I found Flagstaff Shakespeare Festival’s Shakespeare Allowed reading [of The Taming of the Shrew] really challenging (but still a ton of fun!).
I know it is always a mistake to bring too much of your own perspective to older art forms, but then that is one of the glories of Shakespeare to me—through the lens of 500 years of history, I always find myself thinking differently about things when I read or experience his words. But I couldn’t help feeling walls I couldn’t get past in this one.
I spent the afternoon working in the garden, and this play just kept turning in my mind. I finally sat down and re-read Katherine’s final speech. Suddenly one line jumped out at me:
“I am ashamed that women are so simple.”
But she isn’t, is she? That so flies in the face of everything we’ve seen about her that the author could never expect anyone to believe she has changed that much. Shame for being simple? I honestly don’t think so. And we have seen her change—there were a couple of instances where we see her feelings for old “man-boy” [Petruchio] evolve. But her wit remains constant.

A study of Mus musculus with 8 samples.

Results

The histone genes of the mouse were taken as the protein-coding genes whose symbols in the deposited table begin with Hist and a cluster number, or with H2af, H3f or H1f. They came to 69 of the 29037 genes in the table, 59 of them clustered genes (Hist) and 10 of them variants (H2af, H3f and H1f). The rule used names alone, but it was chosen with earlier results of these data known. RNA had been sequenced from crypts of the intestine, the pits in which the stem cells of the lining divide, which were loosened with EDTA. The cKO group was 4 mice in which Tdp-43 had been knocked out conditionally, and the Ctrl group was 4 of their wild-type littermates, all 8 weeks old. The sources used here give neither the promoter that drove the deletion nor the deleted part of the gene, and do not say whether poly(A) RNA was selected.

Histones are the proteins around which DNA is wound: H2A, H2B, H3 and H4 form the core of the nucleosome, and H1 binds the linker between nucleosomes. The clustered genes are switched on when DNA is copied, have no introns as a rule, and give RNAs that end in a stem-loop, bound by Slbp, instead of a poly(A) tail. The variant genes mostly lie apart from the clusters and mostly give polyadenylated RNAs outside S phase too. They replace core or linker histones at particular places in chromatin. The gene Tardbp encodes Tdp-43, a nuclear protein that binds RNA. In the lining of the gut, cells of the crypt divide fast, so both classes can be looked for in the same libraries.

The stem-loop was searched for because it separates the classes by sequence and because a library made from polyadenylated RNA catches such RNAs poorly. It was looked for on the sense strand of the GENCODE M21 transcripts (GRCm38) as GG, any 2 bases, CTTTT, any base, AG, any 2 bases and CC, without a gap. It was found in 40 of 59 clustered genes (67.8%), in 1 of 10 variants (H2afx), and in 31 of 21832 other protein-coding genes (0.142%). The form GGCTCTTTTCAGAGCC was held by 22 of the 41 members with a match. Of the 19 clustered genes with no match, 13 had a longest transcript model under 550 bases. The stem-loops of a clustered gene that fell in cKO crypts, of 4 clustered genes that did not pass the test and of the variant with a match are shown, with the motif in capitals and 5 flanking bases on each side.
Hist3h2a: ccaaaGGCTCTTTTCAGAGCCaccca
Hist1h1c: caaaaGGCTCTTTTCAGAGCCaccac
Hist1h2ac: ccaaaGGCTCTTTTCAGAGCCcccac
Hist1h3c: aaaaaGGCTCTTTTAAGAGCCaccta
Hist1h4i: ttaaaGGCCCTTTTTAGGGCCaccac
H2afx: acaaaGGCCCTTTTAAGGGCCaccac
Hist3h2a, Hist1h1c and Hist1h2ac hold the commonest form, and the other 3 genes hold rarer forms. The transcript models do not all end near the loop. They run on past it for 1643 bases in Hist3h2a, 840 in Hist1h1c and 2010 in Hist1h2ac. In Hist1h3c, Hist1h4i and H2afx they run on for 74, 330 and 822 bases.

As I re-read that line, I couldn’t imagine it without seeing her winking to him.
One more thing that really struck me here. I’ve also found myself questioning the possibility that some of Shakespeare’s plays actually need to be seen, and not just heard. I felt like the last two, reading them and savoring them like a really good single malt, was adding to my understanding and emotional feeling. But this one, I realized, left me thinking, “Wait. There is something else going on here that I actually need to SEE, on a STAGE.” There is something going on here that isn’t captured in text alone; it needs visual cues. Is this not actually a woman who has been broken, but who has, rather, found a co-conspirator? If so, this doesn’t come out in the actual lines (to me at least) but does in the feeling behind the lines.
Or might I be trying too hard to convince myself Shakespeare didn’t really mean to show her “broken”?
I guess in the end, it doesn’t matter that much, given my relationship with Shakespeare. Regardless of his motivations, he got me thinking again.